Brands should consider adopting a more ‘consultative’ approach to certain research projects as a way of yielding a more informed and considered level of insight, says customer insight agency Engage Research, which believes there are lessons to be learned from the deliberative approaches used in public consultations in social research.
Accepted theory often states respondents are incapable of solving marketing issues. This can be true, but it does not follow they cannot comment usefully upon them; the deliberative approaches employed by social researchers expose respondents to often hugely complicated public policy issues and yet overcome this complexity to produce valuable and constructive insight. In a deliberative methodology, respondents are carefully exposed to the issues over a period of time, feeding back each time they reach a new level of understanding. It is powerful but can be ponderous.
“With careful staging and clever pre tasking, deliberative techniques can yield advanced insights for the commercial world quickly and easily,” said Hetta Bramley, qualitative director, Engage Research. “One reason for this is that consumers start with a far better understanding of the issues than is usually possible in public sector work. Whilst they may not know exactly why they feel the way they do about a particular product or brand, or indeed what makes them buy it, they do interact with it on a regular basis – and, as we have seen, at an increasingly intellectual level.”
This is where the pre task comes in – a series of exercises, usually ethnographic or webnographic, which are carefully designed to reveal consumers’ current behaviour to researchers and stakeholders, but which at the same time slowly focus the consumers’ attention on their own behaviour, prompting them to begin to question and analyse it. Outputs from the pre task are then used to generate stimulus which is used at the start of the face to face sessions in order to generate discussion and debate, until respondents are closely attuned to their individual brand and product needs. This whole process follows the same path as much deliberative work, with the key difference being that it is the respondents, rather than the research team, that supplies the necessary information for increased understanding of the issues.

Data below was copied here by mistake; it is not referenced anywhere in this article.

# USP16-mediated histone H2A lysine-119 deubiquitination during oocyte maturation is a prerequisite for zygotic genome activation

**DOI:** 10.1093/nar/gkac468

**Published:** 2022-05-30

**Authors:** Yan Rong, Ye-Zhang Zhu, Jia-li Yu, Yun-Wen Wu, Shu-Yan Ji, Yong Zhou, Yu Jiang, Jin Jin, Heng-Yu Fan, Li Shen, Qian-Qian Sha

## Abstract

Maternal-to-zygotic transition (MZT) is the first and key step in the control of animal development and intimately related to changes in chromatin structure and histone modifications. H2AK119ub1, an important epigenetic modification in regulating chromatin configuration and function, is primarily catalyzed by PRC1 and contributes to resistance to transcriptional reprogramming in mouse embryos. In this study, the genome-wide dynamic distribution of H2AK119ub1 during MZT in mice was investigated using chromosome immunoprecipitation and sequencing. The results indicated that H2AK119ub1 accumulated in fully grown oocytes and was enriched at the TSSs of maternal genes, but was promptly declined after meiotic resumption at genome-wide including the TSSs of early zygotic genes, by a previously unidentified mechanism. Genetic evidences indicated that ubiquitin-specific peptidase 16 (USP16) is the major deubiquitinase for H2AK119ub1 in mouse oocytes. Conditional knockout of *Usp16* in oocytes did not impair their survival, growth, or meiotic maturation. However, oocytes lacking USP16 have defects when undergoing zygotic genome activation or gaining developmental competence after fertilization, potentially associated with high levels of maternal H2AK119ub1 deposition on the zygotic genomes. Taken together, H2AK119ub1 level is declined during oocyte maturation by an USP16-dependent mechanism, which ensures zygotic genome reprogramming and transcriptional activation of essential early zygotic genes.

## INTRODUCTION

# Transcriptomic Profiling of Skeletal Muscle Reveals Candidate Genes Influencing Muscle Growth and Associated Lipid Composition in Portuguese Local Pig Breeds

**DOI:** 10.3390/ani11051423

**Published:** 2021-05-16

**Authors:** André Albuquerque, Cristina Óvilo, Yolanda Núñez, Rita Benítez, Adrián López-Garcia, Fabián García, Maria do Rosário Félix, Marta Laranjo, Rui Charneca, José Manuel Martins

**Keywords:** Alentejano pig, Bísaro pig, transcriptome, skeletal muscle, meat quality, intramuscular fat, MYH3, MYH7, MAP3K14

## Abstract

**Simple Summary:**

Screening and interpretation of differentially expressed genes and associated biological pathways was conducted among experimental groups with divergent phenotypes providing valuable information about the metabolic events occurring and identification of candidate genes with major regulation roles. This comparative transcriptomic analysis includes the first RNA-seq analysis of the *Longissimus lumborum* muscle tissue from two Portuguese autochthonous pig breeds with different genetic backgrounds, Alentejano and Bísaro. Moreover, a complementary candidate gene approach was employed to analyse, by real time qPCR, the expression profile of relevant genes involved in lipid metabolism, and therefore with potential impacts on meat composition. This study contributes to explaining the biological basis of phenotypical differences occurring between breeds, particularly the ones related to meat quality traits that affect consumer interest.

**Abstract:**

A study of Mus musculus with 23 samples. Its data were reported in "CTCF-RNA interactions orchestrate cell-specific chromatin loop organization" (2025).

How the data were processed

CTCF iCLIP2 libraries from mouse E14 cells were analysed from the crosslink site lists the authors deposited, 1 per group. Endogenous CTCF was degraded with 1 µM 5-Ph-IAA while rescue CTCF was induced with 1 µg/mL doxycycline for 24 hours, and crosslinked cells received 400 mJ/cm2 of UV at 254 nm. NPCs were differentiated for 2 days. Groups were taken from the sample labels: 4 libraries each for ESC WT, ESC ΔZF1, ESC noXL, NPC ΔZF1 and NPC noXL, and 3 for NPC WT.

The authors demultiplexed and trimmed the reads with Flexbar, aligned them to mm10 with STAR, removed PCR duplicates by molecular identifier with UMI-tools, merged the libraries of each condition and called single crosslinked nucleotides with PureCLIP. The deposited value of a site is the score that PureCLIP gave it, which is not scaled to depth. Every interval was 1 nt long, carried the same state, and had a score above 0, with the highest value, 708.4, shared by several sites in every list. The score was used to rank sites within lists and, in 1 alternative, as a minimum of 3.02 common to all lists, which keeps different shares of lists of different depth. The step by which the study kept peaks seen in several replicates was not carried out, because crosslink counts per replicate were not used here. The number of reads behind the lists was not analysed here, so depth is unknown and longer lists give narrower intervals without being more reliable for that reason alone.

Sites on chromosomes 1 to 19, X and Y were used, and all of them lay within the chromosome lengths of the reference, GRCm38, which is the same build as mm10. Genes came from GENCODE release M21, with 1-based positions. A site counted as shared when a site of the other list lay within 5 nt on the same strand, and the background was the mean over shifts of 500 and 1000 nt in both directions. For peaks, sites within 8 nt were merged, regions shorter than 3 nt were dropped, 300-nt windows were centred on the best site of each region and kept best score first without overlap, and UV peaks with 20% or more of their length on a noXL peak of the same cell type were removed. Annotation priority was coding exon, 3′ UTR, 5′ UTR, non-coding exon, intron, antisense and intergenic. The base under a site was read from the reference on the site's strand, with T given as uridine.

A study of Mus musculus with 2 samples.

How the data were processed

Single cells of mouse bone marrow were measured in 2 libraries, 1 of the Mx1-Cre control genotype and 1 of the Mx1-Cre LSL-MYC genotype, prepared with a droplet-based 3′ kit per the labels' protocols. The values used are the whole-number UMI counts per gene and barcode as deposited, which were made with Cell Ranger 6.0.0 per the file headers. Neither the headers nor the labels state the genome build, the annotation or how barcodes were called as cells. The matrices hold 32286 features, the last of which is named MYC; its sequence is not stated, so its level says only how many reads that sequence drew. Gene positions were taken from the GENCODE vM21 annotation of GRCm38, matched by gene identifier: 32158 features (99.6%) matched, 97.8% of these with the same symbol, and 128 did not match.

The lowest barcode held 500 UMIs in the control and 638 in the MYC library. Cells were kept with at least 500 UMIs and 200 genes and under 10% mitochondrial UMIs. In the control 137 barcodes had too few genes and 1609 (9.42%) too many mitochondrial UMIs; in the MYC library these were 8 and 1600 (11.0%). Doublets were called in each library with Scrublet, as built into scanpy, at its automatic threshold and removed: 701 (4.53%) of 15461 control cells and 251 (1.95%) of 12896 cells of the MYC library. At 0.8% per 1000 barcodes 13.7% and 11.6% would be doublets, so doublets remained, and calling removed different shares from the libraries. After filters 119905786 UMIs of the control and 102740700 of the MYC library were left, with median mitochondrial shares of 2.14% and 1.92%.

In a standard methodology, respondents would be discarded at this point, considered too sensitised to the issues to be able to provide insight untainted by the research process. However, it is this very sensitivity which equips them to contribute to the consultative session – their deeper awareness of the way in which they consume a clients’ products or brands means that they can take on the role of ‘consumer consultants’ and provide a much deeper level of feedback.
“It is the moderators’ job to ensure that these outputs remain focused and valuable without killing off enthusiasm. Establishing a clear blueprint for success at the beginning of each session is key – illustrated ‘WILF’ (What I’m Looking For) boards, explained in the introduction session and kept on view throughout the research, are particularly helpful,” adds Bramley. “It also helps if, wherever possible, the moderator can share some of the thinking behind a particular issue or approach – the respondent arguing passionately for a multi-million pound ad campaign will change track happily if the cost implications are briefly explained, but can feel crushed if the subject is changed without explanation.”
For this reason, consultative moderation can work particularly well in the experiential setting where there is a strong element of cooperation between clients and respondents, as the moderators can draw upon clients as necessary to explain the marketing context. At the same time, the consultative approach puts respondents on an equal footing with stakeholders by giving them expert status, whilst the experiential buzz ensures that they are equally involved with and committed to the process.
The result is a strongly welded stakeholder-consumer partnership, where each party has clearly delineated yet complementary roles – a switch from the transactional to relationship approach in research which is the first step towards achieving the same vital switch in the wider marketing context.